Chapter 17
Relationship property and trusts


17.1In the previous chapter we noted that the Second Issues Paper364  discussed a variety of legislative provisions that have been enacted to “look through” the trust, so that trust assets can be considered to be the settlor’s or beneficiaries’ own assets for certain purposes, or trust assets can be accessed in order to meet certain claims. The legislative provisions considered in the Second Issues Paper included sections 44 and 44C of the Property (Relationships) Act 1976 (PRA) and section 182 of the Family Proceedings Act 1980 (FPA). These provisions apply to give relief to a disadvantaged spouse or partner on the breakdown of a relationship where property has been transferred to a trust. However, many dispositions of property to trusts fall beyond the reach of these provisions.

17.2As was discussed in the previous chapter, the Commission asked submitters whether they considered existing legislative provisions adequate for addressing the impact of trusts in this and other areas. The overall response from most submitters was that the provisions in the relationship property area are inadequate and not as effective as legislative provisions addressing trusts in other policy areas, such as insolvency. Some submitters said that the current provisions do not produce a just division of assets produced or enhanced by a relationship. Some also argued that the courts should be able to intervene in dispositions of property to trusts in a broader set of circumstances.

17.3We have included a separate chapter on relationship property because submitters identified the look-through provisions in the PRA as those most in need of review and reform. This chapter discusses the issues that have been raised around the effectiveness and reach of the current provisions. The two main issues that are considered are:

17.4After canvassing the issues that have been raised over the effectiveness of the current look-through provisions in the PRA, our conclusion is that a review of the PRA may be needed to properly address these matters. As has been discussed in the previous chapter and also in the introductory chapter to this paper, the overall approach the Commission has taken to this review of the law of trusts is to address matters of core trust law rather than problems that arise solely at the point where trust law interacts with other policy areas. In the previous chapter we proposed that any problems arising at the point where trust law interacts with other policy areas are best addressed by the legislative schemes governing those policy areas and not by provisions in trusts legislation.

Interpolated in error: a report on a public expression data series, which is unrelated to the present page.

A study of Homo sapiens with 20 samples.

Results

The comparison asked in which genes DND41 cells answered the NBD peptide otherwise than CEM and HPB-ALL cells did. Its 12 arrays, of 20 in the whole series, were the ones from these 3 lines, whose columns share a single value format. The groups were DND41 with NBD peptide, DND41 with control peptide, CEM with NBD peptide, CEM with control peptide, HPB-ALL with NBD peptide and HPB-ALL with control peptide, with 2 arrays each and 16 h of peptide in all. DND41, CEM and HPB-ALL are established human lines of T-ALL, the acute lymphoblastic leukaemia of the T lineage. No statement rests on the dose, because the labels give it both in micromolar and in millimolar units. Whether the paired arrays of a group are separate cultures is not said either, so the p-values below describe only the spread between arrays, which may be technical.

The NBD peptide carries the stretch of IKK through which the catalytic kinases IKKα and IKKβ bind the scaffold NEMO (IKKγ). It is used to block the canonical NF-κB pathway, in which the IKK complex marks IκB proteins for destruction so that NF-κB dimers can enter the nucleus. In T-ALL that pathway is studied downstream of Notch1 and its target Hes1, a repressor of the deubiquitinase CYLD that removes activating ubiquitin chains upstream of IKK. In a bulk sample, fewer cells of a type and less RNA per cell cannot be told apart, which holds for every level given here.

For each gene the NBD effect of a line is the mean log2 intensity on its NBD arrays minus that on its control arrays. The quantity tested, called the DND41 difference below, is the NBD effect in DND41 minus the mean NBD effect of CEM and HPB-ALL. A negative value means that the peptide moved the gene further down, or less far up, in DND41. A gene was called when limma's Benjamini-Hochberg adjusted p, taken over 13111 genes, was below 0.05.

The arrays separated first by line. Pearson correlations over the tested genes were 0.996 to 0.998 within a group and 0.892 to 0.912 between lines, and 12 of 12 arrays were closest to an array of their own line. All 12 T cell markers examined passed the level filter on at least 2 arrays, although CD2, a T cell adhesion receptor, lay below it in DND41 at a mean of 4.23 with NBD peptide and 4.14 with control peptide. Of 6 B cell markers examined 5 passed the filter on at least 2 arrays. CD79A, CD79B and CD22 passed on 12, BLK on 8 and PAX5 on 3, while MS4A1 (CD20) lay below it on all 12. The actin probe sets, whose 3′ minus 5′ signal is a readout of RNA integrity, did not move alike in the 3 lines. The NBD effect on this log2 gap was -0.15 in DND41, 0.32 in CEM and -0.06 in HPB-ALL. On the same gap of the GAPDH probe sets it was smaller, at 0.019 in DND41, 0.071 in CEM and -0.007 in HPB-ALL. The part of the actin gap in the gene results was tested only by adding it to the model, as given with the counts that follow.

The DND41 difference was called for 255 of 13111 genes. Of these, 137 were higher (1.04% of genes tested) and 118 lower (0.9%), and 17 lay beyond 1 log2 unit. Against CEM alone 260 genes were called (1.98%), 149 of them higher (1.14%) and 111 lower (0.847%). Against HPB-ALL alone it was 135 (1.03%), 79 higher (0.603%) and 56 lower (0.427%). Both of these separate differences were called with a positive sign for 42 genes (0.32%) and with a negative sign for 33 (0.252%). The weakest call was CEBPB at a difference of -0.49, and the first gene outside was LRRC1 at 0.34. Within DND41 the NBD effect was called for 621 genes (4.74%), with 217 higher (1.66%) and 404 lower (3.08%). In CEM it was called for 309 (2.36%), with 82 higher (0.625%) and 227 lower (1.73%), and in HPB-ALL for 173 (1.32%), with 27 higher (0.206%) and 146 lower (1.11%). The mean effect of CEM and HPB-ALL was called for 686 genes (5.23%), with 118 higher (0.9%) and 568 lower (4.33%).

17.5With these points in mind we are cautious about proposing changes to provisions in the PRA and FPA. It is beyond the scope of this review of trust law to fully analyse problems and issues arising over the use of trusts in the relationship property area. However, despite these concerns we have identified two possible amendments that might reasonably be advanced as part of our review to address some of the issues identified by submitters.

17.6Firstly, we propose amending section 182 of the FPA to address the disparity in treatment between de facto couples and other couples. Although our proposal affects all nuptial property settlements, including any that are not trusts, we consider the proposed amendment to be relatively straightforward and to address what has now become an unfair anomaly.

17.7Secondly, we put forward for comment the option of amending section 44C(2)(c) of the PRA to give the court broader powers to require the trustees of a trust to which relationship assets have been transferred to compensate the spouse or partner whose claim or right has been defeated by the disposition to the trust. We consider that this option has merit and that it would address a number of the issues with the current provision. We are therefore seeking submissions on whether it would be desirable to pursue this reform, or whether a fuller review of the PRA should instead be recommended to the Government.

364Law Commission Some Issues with the Use of Trusts in New Zealand: Review of the Law of Trusts – Second Issues Paper (NZLC IP20, 2010).